From 2000 to 2018, Kulanu Toronto was the primary Jewish LGBTQ+ organization in the city. For 18 years Kulanu actively represented and supported lesbian, gay, bisexual, queer and transgender Jewish individuals and families.
Kulanu, meaning “all of us” in Hebrew, was founded by Hillel of Greater Toronto staff and students. The organization was created in response to the need for a safe space for LGBTQ+ Jews at the University of Toronto to meet, socialize and express themselves as both Jewish and part of the LGBTQ+ community.
A highly social group, they organized events like Shabbat dinners, Purim parties, Passover seders, film and speaker programs, seminars, and pub nights.
They fostered an inclusive environment for their members, families, friends and allies. Their work grew to focus on providing for the social, educational, cultural, political, and personal needs of Jewish LGBTQ people throughout Toronto.
Perhaps the most significant activity for the organization was their annual participation at Toronto’s Gay Pride Parade. Kulanu’s participation in the parades were not without controversy. Some members of the Jewish community opposed a Jewish presence at Pride, while others objected to the involvement of an unapologetically pro-Israel group.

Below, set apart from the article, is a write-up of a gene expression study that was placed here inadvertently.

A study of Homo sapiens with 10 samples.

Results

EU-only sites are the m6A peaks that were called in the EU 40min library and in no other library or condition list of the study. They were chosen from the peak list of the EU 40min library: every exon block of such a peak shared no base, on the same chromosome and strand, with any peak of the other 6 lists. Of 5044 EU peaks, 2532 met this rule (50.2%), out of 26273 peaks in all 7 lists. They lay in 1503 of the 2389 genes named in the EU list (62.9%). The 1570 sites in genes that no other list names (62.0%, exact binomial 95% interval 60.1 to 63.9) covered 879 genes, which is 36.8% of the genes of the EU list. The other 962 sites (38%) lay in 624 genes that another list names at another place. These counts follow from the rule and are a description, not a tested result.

Kulanu Toronto dissolved in 2018, with many of its functions absorbed by new, emerging groups. But the organization’s legacy lives on at the Ontario Jewish Archives.
Their collection includes hundreds of photos and documents, as well as flags and t-shirts — key artifacts showcasing the organization’s visibility and pride. The collection highlights the important role played by Kulanu in advocating for the rights of its members and its work to achieve greater representation in both the LGBTQ+ and Jewish communities.
Film Sponsored by Rochelle Rubinstein
Acquiring Kulanu Toronto’s records was a milestone for the Ontario Jewish Archives (OJA) for two reasons. The first is that it was the OJA’s first major LGBTQ+ collection. While LGBTQ+ issues were not completely absent from other collections at the OJA, Kulanu’s was the first that was created by an organization whose sole purpose was to support and represent the LGBTQ+ community. Acquiring this collection helped us address a silence that existed within our holdings.
The second was that it was the OJA’s first major hybrid collection. Established at the start of the millennium, Kulanu Toronto generated a significant number of born-digital materials, including documents, photos, and videos. But these born-digital materials did not entirely replace paper materials. Justine Apple, the organization’s first executive director, collected newspaper clippings, which she laminated and donated to the OJA. On top of which, she held onto more than a dozen T-shirts, which she felt were an important way Kulanu’s members expressed their identity. The Kulanu Toronto fonds serves as a reminder that even while individuals and organizations generate ever-increasing numbers of digital records, it is unlikely that paper records will ever disappear completely.